As Mother’s Day Turns 105 Today, What Does a Mother Mean to You?

As Mother’s Day Turns 105 Today, What Does a Mother Mean to You?

We have so many holidays these days, but Mother’s Day truly is significant. There’s a lot of sayings that have mother in them. “Oh, my dear Mother of God”, “Mother of all Mother’s”, “Mother Earth”, “Mother Nature”, “a face only a Mother could love” and so many more.  The reality is, celebrating a mother is to celebrate life itself, the giver of life. So where and when did this celebration of mothers and motherhood come from?

The earliest Mother’s Day celebrations can be traced back to the spring celebrations of ancient Greece in honor of Rhea, the Mother of the Gods.  During the 1600’s, England celebrated a day called “Mothering Sunday”, celebrated on the 4th Sunday of Lent. This was a time put aside for relaxation and enjoyment during the long Lenten fast. Servants would go home to see their families, bringing cakes and sweets to their moms. This custom was called “going a-mothering”. Each mother would receive a simnel-cake (Latin for “fine flour”), and mothers would give a blessing to their children.

Other lore relates that centuries ago it was considered important for people to return to their home or “mother” church once a year. So every year during Lent, people would visit their “mother” church, generally the main church or Cathedral of the area.

Early Mother’s Day in the US was mostly recognized by women’s peace groups. An early activity was the meeting of groups of mothers whose sons had served or died on opposite sides of the American Civil War. There were local celebrations in the 1870’s and the 1880’s, but nothing to speak of on a state or national basis.  In 1868 Ann Jarvis created a committee to establish a “Mother’s Friendship Day” whose purpose was to reunite families that had been divided during the Civil War.  Jarvis wanted to expand it into an annual memorial for mothers, but she died in 1905 before the celebration became popular.  Later, her daughter Anna Jarvis would continue her efforts.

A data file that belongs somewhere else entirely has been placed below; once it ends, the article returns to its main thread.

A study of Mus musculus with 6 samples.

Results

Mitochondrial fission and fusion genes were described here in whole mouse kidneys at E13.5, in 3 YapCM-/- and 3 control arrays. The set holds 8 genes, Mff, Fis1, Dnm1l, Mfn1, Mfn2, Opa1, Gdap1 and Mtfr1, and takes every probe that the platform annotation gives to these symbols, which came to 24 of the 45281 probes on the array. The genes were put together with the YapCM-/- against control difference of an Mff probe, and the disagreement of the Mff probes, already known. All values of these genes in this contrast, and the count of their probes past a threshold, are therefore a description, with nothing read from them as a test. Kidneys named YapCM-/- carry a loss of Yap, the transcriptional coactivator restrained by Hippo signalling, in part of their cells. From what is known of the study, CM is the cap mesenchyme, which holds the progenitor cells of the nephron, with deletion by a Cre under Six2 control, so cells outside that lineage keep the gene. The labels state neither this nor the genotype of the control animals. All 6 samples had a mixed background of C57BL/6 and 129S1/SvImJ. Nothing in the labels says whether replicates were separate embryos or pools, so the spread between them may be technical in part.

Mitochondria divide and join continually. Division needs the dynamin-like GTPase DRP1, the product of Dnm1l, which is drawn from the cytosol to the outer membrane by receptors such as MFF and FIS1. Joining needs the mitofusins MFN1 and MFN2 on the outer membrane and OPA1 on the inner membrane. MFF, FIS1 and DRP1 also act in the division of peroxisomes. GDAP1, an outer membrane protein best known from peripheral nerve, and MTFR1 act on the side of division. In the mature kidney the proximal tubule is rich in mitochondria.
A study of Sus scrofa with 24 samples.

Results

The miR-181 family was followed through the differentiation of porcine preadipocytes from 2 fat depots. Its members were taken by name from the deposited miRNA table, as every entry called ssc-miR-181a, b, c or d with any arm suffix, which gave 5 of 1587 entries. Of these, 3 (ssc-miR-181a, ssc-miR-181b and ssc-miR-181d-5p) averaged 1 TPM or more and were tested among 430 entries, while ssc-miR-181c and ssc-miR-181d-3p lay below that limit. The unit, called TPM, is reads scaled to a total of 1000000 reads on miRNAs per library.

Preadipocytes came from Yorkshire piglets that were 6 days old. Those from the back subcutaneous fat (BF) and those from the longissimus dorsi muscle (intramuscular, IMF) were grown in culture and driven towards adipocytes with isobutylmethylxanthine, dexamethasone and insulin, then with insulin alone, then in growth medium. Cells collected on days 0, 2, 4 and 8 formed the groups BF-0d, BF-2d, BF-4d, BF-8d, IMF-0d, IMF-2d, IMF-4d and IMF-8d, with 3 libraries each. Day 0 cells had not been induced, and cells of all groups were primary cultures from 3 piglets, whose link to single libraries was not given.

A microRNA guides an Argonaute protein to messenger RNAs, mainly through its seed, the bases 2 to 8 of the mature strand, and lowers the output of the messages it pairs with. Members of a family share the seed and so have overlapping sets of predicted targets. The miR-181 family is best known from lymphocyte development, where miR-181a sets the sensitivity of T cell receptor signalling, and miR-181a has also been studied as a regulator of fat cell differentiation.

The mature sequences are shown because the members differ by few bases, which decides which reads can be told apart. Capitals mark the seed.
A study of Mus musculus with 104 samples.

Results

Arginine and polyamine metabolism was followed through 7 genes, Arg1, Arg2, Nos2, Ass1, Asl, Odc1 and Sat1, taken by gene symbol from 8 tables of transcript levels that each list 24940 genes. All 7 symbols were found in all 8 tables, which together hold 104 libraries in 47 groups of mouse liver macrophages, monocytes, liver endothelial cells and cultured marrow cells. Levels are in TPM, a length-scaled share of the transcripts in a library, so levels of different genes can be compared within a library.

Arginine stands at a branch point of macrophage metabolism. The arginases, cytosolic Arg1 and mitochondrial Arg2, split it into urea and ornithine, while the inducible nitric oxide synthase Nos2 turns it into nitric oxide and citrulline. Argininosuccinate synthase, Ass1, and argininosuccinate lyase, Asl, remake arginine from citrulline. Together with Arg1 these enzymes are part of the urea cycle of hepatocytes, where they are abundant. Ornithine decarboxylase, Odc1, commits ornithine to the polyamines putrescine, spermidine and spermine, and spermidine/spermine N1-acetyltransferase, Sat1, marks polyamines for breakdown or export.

Julia Howe, who had written The Battle Hymn of the Republic, organized a Mother’s Day antiwar observance in New York city on June 2nd, 1872. The observance continued in Boston for about 10 years before losing momentum.  It is rumored that she had hoped to convert July 4, America’s Independence Day into Mother’s Day, and dedicate that day to peace.  Several years later, a Mother’s Day observance was held in Albion, Michigan on May 13, 1877 over a dispute related to the Temperance movement. Later in the early 1880’s the Methodist Episcopal Church in Albion set aside the second Sunday in May to recognize the special contributions of mothers. In 1904, Frank E. Hering of the Fraternal Order of Eagles, made the first recorded public plea for a national day to honor mothers. However, it was not until 1914 that President Woodrow Wilson signed the orders that made Mother’s Day a national holiday in the United States.  This was due largely to the continued efforts of Anna Jarvis (daughter of Ann Jarvis). She asked that white carnations be the official Mother’s Day symbol.  In Canada, we celebrate Mother’s Day on the same day as the United States, the second Sunday of every May.  On this Mother’s Day, don’t forget to reach out to your mother, your wife, or that special someone that has been in your life and filled that special role.

Happy Mother’s Day to all mothers everywhere!